It was not until I met David Hazony that I realized something odd about Orthodox Jewish life: We rarely talk about the Ten Commandments. Oh sure, we honor them in many ways.
We stand up when they are read in the Torah portion. We carve them out and display them on our synagogue walls. And our rabbis will occasionally touch on them — usually to accentuate a certain point or when speaking of Moses “coming down from the mountaintop with the tablets.”
But beyond these gestures, the Ten Commandments have played a bigger role in Hollywood than they have in many synagogues and Torah classes. This is not a coincidence.
The Sages of the Talmud were concerned that if they made too big a deal of these 10 overarching commandments, the 613 commandments that cover daily Jewish life would get lost. Judaism would become too universal, too watered down, too general. That makes sense to me. It’s one thing to follow general principles like “Thou shall not murder” and “Thou shall honor thy parents,” but it’s another to engage in the myriad daily rituals that enrich and deepen Jewish life.
David Hazony sees things differently. He thinks there’s a lot more in the Ten Commandments than meets the eye, and he’s written a book to make his point, “The Ten Commandments: How Our Most Ancient Moral Text Can Renew Modern Life.”
Hazony was in town recently to promote his book, which has gotten some generally positive reviews in the mainstream as well as the Jewish press. I heard him speak at Young Israel of Century City on Shabbat afternoon, and while I think he spoke beautifully and incisively, I think I was in the minority. I talked to some people afterward, and they just felt like they “already knew all this stuff.”
They seemed to get defensive about the idea of taking a whole new look at something so fundamental to Judaism. Would that mean that all this time they had taken for granted the most important words of the Bible? That there is something crucial about the Ten Commandments that they had somehow missed?
That’s certainly how I felt after listening to Hazony — that I have, in fact, missed something crucial about this climactic document of the Jewish story.
The first thing Hazony wants us to know is that the Ten Commandments are not really commandments. The Bible actually calls them aseret had’varim, or the “Ten Utterances.” Hazony describes them as “great, sweeping, paradigmatic statements about what the relationship between God, man and the universe ought to look like.” Read that way, he says, they reveal “a whole take on life that many of us had no idea was there, but which speaks to each of us as loving, acting, life-affirming, world-changing people.”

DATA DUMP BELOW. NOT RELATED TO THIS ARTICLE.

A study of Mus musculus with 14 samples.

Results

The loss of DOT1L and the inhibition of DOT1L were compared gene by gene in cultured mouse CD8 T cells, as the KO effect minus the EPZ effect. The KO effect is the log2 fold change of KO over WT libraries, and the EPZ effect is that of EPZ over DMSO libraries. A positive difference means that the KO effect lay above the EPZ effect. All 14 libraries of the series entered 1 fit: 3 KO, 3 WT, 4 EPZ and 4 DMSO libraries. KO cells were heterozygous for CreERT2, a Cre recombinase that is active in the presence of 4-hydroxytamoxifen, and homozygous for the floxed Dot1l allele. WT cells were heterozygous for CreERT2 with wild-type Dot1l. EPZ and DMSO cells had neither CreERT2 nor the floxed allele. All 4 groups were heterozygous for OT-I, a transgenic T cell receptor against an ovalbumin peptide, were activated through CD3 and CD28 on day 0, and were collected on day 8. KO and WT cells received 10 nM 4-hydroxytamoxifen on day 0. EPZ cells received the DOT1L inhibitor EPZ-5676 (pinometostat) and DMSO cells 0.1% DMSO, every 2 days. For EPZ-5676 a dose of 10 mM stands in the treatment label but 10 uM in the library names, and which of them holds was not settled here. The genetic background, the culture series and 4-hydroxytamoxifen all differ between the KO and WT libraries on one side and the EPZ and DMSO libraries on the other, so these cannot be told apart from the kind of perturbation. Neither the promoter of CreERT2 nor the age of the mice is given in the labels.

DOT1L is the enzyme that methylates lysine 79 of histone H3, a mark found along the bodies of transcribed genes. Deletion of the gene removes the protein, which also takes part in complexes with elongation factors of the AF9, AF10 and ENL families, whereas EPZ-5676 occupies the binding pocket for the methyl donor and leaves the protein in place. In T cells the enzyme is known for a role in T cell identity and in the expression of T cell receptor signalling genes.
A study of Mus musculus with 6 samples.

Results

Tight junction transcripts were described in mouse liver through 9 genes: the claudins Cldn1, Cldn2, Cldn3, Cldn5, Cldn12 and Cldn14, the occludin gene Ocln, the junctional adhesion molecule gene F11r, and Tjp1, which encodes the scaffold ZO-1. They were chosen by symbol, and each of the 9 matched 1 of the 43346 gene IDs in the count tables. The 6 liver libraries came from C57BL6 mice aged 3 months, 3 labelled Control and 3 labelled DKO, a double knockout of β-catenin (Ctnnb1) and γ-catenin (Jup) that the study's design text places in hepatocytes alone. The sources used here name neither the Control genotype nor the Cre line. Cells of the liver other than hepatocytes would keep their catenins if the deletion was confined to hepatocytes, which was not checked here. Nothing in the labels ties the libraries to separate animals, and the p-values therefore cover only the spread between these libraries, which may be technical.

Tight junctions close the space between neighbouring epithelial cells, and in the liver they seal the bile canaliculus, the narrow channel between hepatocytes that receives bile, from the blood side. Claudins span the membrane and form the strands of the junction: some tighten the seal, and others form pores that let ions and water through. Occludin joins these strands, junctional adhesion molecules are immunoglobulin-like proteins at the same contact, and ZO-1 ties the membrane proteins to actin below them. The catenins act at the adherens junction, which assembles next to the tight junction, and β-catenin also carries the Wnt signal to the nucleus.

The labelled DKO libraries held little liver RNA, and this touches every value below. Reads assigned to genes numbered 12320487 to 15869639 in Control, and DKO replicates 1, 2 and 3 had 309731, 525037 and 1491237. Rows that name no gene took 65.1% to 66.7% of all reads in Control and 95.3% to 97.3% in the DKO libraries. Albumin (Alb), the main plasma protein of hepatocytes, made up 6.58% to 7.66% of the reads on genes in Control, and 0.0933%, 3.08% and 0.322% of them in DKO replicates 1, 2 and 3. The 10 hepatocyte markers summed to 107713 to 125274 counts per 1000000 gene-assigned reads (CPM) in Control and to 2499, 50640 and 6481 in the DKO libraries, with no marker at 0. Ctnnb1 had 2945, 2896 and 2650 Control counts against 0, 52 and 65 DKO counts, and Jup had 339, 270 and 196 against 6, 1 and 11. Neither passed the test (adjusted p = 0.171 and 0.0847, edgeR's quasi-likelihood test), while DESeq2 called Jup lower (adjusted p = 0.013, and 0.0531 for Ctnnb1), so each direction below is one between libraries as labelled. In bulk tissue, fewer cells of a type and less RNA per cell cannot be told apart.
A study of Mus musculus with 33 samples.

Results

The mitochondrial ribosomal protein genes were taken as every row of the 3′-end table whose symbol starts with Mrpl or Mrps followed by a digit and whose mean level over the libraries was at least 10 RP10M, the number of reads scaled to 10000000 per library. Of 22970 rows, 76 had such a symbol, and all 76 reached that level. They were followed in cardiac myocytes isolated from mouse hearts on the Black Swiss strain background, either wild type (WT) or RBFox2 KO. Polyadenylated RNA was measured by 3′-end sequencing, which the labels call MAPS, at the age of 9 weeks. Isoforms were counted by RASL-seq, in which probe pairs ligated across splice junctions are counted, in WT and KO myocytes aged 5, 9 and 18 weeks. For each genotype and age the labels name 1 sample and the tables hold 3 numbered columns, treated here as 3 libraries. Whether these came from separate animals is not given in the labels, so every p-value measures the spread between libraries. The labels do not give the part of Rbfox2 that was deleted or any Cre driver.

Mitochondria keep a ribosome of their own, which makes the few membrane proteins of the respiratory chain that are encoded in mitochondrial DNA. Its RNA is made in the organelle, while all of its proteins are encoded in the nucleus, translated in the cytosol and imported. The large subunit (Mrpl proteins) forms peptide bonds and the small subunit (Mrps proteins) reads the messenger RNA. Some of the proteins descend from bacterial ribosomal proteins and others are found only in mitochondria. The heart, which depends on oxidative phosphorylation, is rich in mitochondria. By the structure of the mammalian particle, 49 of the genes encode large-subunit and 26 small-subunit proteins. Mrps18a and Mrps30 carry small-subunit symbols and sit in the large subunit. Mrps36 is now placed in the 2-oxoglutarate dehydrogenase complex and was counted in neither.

Because they are more than laws, they complement, rather than overshadow, the 613 laws of daily life. They inject a sense of biblical purpose. Hazony calls this the “Spirit of Redemption,” which teaches us “to love first of all ourselves with a fiery love that moves us to act — a bush that burns but is not consumed — and to expand that love to include others, beginning with our families and friends, extending to our communities and nations and ultimately to the whole world.”
This redemptive spirit permeates the book. Each commandment, or “utterance,” represents a world unto itself — a rich spiritual arena where ancient texts, biblical stories and moral enigmas play off each other to reveal lessons for modern life.
Hazony, who lives in Jerusalem and is the former editor of the Shalem Center’s acclaimed Azure magazine, sees his book as a personal mission to reignite a fascination for the Bible. In his own life, he told me over lunch, he’s often had to “go back before going forward.” Years ago, after a long period of studying Talmud, he had an urge to return to the Bible. So he spent three years reading every word, carefully. It’s become his personal treasure, and he wants to make it ours.
I sensed an additional agenda with Hazony. He’d like to build Jewish self-esteem. He says that each commandment makes a “bold statement about who we are, and you need all 10 to see the big picture of the kind of society the Bible had in mind.”
This is big stuff: arranging society, renewing modern life, finding a spirit of redemption. It’s obviously a big source of Jewish pride for Hazony, the kind of pride you just can’t get from a talmudic study of laws. Hazony is a warrior of the word. He’s taken 10 biblical “laws” that we often take for granted and turned them into 10 big ideas that he thinks can change the world.
When you hear him talk about all this, you get the satisfying impression that this is one scholar who doesn’t shy away from his visceral and emotional sides. In that respect, Hazony has indeed given the world 10 new fields of intellectual and moral inquiry; but if you’re Jewish, he’s also given you 10 new reasons to feel the goosebumps of Jewish pride.